Monday, February 23, 2009

Andrea Frisch Seminar 3/6

Please join us for our next lunch seminar on Friday, March 6th. Andrea Frisch, Associate Professor of French at U Maryland, will be discussing her paper "The Poetics of Forgetting in Sixteenth-century France." Please RSVP to me (lduckert@gwu.edu) and I will send you a copy of the paper. The seminar will be held in GWU's Rome Hall 771 (801 22nd St. NW) from 11:30-1:30. Lunch will be provided. Here is some more information about Professor Frisch from the UMD website:

A specialist in the sixteenth and seventeenth centuries, Andrea Frisch received her PhD in Romance Languages and Literatures from the University of California at Berkeley with a dissertation on early modern travel literature and the novel. She subsequently did research in law and literature for The Invention of the Eyewitness: Witnessing and Testimony in Early Modern France (University of North Carolina P, 2004). Her work has appeared in Representations, Romanic Review, Discourse, Esprit créateur and Modern Language Quarterly. Andrea has received fellowships from the Newberry Library, the Folger Shakespeare Library, the National Endowment for the Humanities and, most recently, from the National Humanities Center, where she was a fellow in 2004-2005. She is currently writing a book about the impact of the civil wars of the sixteenth century on the literature and aesthetics of the seventeenth century in France.

Wednesday, February 11, 2009

Jeffrey Cohen @ GW's Gelman Library

Horn tooting of the worst kind. Click on image to enlarge.

Jeffrey J. Cohen
Chair of the Department of English, Director of GW Medieval & Early Modern Studies Institute,
Professor of English and Human Sciences

Professor Cohen received his Ph.D. in English and American Literature and Language from Harvard University. He has an M.A. in English and American Literature and Language from Harvard University and a B.A. in English and Classical Studies from the University of Rochester. Professor Cohen’s book publications include Monster Theory: Reading Culture (1996), Becoming Male in the Middle Ages (1997), Of Giants: Sex, Monsters, and the Middle Ages (1999), The Postcolonial Middle Ages (2000), Thinking the Limits of the Body (2002), Medieval Identity Machines (2003), Hybridity, Identity and Monstrosity in Medieval Britain: Of Difficult Middles (2006), and most recently, Cultural Diversity in the British Middle Ages: Archipelago, Island, England (2008).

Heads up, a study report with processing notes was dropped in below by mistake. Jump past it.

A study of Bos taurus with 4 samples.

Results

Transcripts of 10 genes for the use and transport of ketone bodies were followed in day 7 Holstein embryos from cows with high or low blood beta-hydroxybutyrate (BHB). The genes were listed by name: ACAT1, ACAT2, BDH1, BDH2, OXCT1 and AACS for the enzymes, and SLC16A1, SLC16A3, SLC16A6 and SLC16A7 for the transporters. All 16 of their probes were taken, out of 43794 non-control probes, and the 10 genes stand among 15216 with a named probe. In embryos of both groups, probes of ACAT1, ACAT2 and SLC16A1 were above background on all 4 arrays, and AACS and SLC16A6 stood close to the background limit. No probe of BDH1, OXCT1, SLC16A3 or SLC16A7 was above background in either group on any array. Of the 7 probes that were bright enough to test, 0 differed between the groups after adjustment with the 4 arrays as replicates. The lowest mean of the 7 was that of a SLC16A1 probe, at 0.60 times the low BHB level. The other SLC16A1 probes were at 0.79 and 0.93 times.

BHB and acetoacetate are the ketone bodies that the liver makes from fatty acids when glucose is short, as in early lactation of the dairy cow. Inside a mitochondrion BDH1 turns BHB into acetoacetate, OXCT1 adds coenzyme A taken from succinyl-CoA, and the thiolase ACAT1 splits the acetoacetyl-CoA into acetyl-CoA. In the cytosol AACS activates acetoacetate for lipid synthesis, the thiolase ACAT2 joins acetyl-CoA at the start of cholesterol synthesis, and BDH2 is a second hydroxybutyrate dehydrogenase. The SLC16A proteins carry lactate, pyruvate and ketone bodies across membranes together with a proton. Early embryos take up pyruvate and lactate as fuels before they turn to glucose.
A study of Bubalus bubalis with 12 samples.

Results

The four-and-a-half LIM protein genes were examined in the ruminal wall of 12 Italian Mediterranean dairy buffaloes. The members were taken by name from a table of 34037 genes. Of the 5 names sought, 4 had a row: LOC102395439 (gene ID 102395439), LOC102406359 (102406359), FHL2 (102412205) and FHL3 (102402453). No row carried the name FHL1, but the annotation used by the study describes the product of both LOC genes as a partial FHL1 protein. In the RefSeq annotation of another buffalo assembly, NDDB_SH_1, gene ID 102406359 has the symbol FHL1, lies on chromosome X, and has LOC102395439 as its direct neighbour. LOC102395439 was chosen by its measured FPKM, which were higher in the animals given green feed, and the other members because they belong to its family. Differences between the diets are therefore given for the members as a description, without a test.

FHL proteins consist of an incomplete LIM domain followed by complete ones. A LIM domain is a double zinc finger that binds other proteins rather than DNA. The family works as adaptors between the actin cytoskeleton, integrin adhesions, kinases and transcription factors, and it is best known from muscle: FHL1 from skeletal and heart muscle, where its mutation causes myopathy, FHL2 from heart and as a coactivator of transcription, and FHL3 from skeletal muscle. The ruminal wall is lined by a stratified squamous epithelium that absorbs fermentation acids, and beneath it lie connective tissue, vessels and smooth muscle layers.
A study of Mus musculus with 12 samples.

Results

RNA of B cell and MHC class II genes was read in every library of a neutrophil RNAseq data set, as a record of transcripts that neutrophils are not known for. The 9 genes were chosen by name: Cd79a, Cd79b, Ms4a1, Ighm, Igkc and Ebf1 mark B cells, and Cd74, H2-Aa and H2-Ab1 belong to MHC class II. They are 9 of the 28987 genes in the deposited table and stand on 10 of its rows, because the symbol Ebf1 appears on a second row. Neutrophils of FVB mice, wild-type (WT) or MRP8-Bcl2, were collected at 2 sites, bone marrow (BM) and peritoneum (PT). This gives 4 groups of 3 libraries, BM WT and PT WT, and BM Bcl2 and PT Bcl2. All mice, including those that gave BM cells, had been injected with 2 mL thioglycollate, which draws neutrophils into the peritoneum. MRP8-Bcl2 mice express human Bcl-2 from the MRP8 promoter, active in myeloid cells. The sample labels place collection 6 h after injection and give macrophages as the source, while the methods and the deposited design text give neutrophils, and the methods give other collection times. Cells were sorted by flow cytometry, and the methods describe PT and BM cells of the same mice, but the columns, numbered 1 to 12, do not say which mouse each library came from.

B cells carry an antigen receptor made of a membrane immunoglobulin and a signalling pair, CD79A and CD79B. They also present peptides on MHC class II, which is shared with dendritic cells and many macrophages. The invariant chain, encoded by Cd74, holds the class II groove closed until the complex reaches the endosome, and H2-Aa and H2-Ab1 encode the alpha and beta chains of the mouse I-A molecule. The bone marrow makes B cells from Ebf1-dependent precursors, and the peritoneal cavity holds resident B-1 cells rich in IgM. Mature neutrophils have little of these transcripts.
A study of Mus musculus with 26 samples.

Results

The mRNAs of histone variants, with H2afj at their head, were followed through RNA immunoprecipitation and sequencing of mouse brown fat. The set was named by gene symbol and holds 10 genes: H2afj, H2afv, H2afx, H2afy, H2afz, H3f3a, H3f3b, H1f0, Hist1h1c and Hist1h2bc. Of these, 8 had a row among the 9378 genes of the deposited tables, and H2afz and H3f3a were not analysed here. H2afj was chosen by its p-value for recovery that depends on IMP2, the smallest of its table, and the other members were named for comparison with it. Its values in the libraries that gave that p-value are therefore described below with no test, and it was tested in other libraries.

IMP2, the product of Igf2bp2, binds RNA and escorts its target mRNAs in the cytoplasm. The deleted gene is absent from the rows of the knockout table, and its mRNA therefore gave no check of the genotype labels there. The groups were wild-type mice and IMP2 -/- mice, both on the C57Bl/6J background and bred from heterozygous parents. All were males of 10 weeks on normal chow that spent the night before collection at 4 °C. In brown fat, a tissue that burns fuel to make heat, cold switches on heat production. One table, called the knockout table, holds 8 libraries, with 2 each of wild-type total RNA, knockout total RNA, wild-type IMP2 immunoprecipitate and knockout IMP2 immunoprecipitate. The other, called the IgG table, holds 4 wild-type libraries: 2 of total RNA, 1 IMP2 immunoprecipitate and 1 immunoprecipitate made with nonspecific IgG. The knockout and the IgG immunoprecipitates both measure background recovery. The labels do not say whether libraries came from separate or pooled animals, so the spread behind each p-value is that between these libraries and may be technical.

Professor Cohen’s research interests include: the history of monsters; postcolonial approaches to the Middle Ages; the mingling of cultures in the British archipelago; identity, race, violence, hybridity, monstrosity, medieval Jews, the body; continental philosophy and critical theory.

Come hear Professor Cohen discuss his latest work:

Cultural Diversity in the British Middle Ages:
Archipelago, Island, England

( Palgrave Macmillan, 2008)
Faculty Authors Book Signing Reception February 12, 2009 3:00 pm – 4:30 pm The Gelman Library Room 207

Monday, February 9, 2009

April Shelford Seminar 2/20


 April Shelford starts our lunch seminar series on Friday, February 20th with her paper “Reading and Enlightenment in 18th-century Jamaica.” As usual, the paper is pre-circulated. Please RSVP to me (lduckert@gwu.edu) and I will send you a copy. The seminar will be held in GWU's Rome Hall 771 (801 22nd St. NW) from 11:30-1:30. Lunch will be provided. More info about Professor Shelford can be found at her website through American University's Department of History. 


Friday, February 6, 2009

Writing after Wallace

As David Wallace illustrated last Friday, conceptualizing a literary history of Europe from 1348-1418 -- a "regenerative" generation achieved through writing -- comes with a series of tricky questions.  What is the "shape" of Europe? Where does it begin and end? And what is the role of literary history within it?  Rather than delivering a straightforward presentation, Wallace asked us not only to ponder these questions, but also to participate in this ongoing, ambitious, and collaborative project (approximately eighty scholars are involved).  So far, the project includes nine "itineraries" of textual production and exchange across diverse locales -- for example, Venice to Prague, Cairo to Constantinople, Mount Athos to Muscovy, and Calais to Walsingham. These itineraries are what I, and I think many others in attendance, found the most provocative. By focusing on locales and local variations rather than (anachronistic) nationalistic paradigms, by magnifying rather than suppressing linguistic difference, by shedding the vestiges of insularism to highlight the nuances of textual production and exchange, we begin to feel anew that delightful "strangeness" of cultural interchange. 

I loved Wallace's use of that word. Discussing the presentation with my "Myths of Britain" students on Wednesday (I lead two discussion sections), parallels between the course and the talk intriguingly arose: What is at stake by stressing "England" over "Britain," and vice versa? What voices are unheard and differences elided when we consider literature and history in discrete, national blocks? I reminisce of Gawain and the Welsh wilderness in Green Knight, or of the fracas and fluidity of identity in Geoffrey of Monmouth's History. And I will definitely continue to ruminate on the limits and possibilities of literary history. 

Thank you to all who attended and contributed to last Friday's event!